Airbrushing the Dhamma: “Brand New ‘Ancient’ Buddhist Philosophy”


Airbrushing the supernatural from Dhamma to make it fit modern day understandings may be justifiable. Passing off modern day “scientific” revisions as “ancient Buddhist philosophy” is not.

 

 


 

 

AIRBRUSHING THE DHAMMA: “BRAND NEW ‘ANCIENT’ BUDDHIST PHILOSOPHY”

Airbrushing the supernatural from Dhamma to make it fit modern day understandings may be justifiable. Passing off modern day “scientific” revisions as “ancient Buddhist philosophy” is not.

Thanks to the kindness of scholars and translators we can read for ourselves how ancient Buddhists and the Buddha himself acknowledged the existence of karma and gods and heavens and hells from the earliest of times.

The Buddha was quite fond of adopting the prevailing ideas of his time and redefining them. Take karma, for example. The Buddha redefined karma as “intention”; this was a clear break with Vedic or Jain understandings of karma as mere action, and it gave hope to his followers that there was a point in doing good actions and avoiding bad actions.

The enlightened Buddha was remarkably tolerant of rituals he himself saw as ultimately meaningless but having great significance nonetheless for others seeking to replicate his supreme attainment. He taught that the “greatest blessing” comes from honouring the “Triple Gem” of Buddha (the teacher), Dhamma (the truth made known) and Sangha (the monastic community) and he did not object when disciples bowed to him and circled him, keeping him to their right, for example. He also spoke approvingly of people who venerated their shrines and made offerings to them.

The Buddha taught three criteria for evaluating intentional actions as either “wholesome” (kusala ) or “unwholesome” (akusala ). The first of these is the motivation of the action, in terms of greed/non-greed, hatred/non-hatred, delusion/non-delusion. The second criterion is the direct effects of the action, in terms of happiness/suffering. The third criterion is the contribution of the action to spiritual progress, culminating in enlightenment.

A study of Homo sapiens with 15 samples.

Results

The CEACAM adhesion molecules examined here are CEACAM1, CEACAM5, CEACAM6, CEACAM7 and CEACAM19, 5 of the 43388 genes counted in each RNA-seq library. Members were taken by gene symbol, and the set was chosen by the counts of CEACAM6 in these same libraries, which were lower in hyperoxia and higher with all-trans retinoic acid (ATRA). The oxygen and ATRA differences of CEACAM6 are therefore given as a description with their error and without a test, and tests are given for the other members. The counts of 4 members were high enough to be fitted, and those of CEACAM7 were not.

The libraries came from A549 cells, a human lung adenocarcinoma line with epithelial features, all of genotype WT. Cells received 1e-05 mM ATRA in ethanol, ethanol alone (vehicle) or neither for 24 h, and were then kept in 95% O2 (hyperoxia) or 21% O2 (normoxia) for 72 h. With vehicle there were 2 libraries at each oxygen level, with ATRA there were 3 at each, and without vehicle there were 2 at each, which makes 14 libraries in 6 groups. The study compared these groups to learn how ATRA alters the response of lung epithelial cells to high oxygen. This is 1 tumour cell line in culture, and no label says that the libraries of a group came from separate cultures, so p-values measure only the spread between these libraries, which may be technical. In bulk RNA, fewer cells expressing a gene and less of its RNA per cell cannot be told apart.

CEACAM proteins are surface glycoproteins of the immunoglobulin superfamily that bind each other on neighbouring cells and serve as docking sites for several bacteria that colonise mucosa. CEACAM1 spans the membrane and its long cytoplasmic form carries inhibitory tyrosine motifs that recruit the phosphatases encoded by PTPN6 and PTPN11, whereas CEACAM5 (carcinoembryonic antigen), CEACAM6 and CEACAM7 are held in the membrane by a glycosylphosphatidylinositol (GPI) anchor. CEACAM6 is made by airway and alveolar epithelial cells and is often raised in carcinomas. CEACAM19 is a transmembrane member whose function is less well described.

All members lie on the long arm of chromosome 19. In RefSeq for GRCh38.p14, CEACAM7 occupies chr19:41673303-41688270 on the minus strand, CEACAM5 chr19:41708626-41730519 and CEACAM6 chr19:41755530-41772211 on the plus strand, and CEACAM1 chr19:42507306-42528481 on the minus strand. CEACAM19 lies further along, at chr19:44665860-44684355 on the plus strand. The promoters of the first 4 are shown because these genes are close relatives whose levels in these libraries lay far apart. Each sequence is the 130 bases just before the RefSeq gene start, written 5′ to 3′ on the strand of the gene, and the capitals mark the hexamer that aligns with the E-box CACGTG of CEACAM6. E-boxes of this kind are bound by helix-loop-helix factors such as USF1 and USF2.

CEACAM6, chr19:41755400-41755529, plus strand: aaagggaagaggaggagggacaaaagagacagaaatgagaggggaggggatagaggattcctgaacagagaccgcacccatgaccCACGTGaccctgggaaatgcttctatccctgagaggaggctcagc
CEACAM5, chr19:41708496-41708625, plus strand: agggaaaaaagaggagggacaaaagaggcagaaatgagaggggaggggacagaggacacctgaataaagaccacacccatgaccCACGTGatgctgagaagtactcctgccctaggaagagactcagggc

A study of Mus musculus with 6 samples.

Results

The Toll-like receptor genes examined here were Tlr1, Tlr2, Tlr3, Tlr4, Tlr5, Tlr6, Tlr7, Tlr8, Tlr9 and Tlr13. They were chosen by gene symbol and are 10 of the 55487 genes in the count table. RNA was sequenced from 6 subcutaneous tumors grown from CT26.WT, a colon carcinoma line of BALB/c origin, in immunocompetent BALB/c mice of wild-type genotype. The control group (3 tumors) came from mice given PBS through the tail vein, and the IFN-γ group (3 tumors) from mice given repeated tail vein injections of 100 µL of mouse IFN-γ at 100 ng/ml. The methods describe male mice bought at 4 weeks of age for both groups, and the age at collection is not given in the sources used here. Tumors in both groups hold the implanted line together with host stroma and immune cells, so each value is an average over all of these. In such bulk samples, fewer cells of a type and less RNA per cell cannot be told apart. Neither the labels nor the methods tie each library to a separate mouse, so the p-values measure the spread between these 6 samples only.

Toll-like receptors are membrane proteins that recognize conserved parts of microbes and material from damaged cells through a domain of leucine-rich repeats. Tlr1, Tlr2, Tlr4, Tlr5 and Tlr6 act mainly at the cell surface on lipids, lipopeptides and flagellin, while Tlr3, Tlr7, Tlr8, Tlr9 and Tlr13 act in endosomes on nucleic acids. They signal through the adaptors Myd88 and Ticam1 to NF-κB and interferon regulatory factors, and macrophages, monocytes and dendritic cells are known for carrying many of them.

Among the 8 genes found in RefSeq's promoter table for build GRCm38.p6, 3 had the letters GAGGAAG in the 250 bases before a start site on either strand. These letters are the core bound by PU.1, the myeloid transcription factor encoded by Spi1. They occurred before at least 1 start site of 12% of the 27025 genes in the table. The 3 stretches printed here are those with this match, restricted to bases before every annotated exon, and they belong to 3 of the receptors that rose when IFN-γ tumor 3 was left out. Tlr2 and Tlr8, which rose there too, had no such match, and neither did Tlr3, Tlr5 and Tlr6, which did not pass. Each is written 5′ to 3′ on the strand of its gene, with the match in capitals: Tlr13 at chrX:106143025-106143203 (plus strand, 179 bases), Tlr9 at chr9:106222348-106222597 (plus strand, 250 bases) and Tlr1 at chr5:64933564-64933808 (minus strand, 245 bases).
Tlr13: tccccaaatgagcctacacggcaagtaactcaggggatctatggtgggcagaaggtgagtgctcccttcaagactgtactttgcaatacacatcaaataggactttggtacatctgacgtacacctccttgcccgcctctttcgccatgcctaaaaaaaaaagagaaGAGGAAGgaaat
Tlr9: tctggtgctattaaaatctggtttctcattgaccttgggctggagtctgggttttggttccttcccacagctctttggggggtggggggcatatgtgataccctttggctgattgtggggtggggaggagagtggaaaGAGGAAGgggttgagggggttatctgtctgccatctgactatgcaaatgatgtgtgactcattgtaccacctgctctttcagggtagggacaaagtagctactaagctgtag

Understanding just this much, we can be sure that ritual acts of prostration, chanting, and offerings made at the feet of a Buddha statue can be done in accordance with dhamma. Rituals aimed at honouring the memory of one’s ancestors, or pacifying hungry ghosts even, can also be done in line with dhamma. Any ritual act motivated by respect, generosity, and gratitude, and performed correctly with mindfulness, can become a cause for future contentment and happiness (i.e. a fortunate rebirth) and carry the doer a step nearer to the Buddha’s supreme goal of freedom from samsara.

Buddhists who insist on airbrushing ancient Buddhist cosmology and soteriology from Dhamma and reducing one of the world’s great religions to meditation only are imposing their modern atheistic world view on the ancient Buddhists and changing the rationale of their belief system. This “brand new ‘ancient’ Buddhist philosophy” of 19th century “protestant” reformists and modern day atheists is no longer about escaping samsara or ensuring a fortunate rebirth in the next life, but is instead about stress-reduction in the present life. There’s nothing inherently wrong with that, although I wonder if anyone so averse to traditional religiosity can ever find relief from mental suffering. However, “scientific” Buddhism devoid of the supernatural or transcendental is a modern invention and not what the ancient Buddhists or the Buddha himself appear to have taught.